Re-reading The Divided Self it is hard to recapture the glamour and controversy which surrounded its author in the heyday of anti-psychiatry. Fame, drugs and alcohol gave us a different Ronald Laing whose views became increasingly estranged from the clinical mainstream; but his first book is a dense and scholarly work whose complexity derives from his immediate clinical experience, in the analytic setting and in acute wards, combined with an enormous range of reading in existential philosophy and psychoanalysis.
To understand its impact one must recall that the orthodoxy of the age was that psychiatry should be a natural science and therefore ruthlessly objective. Laing reminded us that the subject matter of psychiatry is not only the experience of the patient but that of the psychiatrist; both are embodied subjects, to use Eric Matthews’ phrase, and the clinical encounter is a meeting between persons. He criticised the neutral stance of the psychoanalyst and Freudian theory which, like the Medusa’s head, turned the terrors of the unconscious to stone. It was this humanising of the clinical situation which won him many adherents among patients and those who identified with them.
Laing’s stated aim in the book is to ‘make the process of going mad understandable’ and his unifying theme is that of ontological insecurity which he believes is central to schizoid and schizophrenic experience. This is a fragile and endangered sense of self which the individual tries to shore up with a variety of defensive stratagems that become increasingly self-defeating until they break down into frank psychosis. Some patients, for instance, only experience themselves as real to the extent that they are experienced by others, but at the same time feel others’ experience of them to be intrusive and persecutory. Such complex and paradoxical phenomena are explored with sensitivity and compassion in a series of detailed case histories.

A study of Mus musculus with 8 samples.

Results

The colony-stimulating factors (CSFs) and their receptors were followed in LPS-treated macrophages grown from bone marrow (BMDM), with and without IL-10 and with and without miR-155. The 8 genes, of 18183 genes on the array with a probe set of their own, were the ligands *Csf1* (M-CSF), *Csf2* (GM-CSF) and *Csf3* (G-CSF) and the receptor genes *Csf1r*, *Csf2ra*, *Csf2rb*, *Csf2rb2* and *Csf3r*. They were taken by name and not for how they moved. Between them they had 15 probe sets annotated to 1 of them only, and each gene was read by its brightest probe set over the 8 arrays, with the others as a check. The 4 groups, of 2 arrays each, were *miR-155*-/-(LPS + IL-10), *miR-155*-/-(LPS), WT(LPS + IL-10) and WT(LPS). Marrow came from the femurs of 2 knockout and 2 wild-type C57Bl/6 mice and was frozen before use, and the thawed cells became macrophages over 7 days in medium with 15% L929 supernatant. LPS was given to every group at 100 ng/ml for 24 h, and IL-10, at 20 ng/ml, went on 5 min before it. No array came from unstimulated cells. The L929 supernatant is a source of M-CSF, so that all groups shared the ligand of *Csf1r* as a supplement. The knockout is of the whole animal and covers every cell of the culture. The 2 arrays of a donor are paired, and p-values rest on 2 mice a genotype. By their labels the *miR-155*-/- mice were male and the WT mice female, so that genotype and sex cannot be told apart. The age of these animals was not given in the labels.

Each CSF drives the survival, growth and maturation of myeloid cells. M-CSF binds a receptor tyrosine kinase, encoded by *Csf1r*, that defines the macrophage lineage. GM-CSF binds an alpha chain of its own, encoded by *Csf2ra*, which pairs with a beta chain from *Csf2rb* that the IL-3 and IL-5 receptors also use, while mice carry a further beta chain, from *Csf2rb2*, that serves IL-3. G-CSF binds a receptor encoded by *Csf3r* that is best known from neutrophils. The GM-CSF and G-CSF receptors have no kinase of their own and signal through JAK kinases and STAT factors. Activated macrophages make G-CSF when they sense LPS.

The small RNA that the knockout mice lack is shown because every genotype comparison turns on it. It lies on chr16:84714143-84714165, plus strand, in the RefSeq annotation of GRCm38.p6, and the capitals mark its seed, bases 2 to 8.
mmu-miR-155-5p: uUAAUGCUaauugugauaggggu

The sceptical psychiatrist, while admiring Laing’s analytic and existential insights, may doubt their relevance to those diagnosed with schizophrenia in conventional diagnostic systems. They may also have reservations about the direction of causality: schizophrenia threatens selfhood but this need not mean that ontological insecurity is the cause of schizophrenia. Laing, however, was concerned here with understanding rather than cause; only in later works did he suggest that the cause of schizophrenia lay in family dynamics. Still less is there any suggestion here that the experience of madness is anything other than destructive.
Laing’s legacy has had little direct effect on clinical psychiatry. The treatment of psychosis remains largely chemical and social despite the best efforts of cognitive therapists. Its indirect effects, however, have been immense. The anti-psychiatry movement, with which Laing’s name is often associated (though he repudiated the label), played a large part in stimulating the thriving disciplines of philosophy and ethics in psychiatry. Patients have found their voice through the ‘user’ movement and are in dialogue with mental health professionals at all levels. Psychiatrists recognise that content matters, above all to patients, and hopefully are motivated to pursue meaning before concluding that a mental state is truly non-understandable in Jaspers’ sense.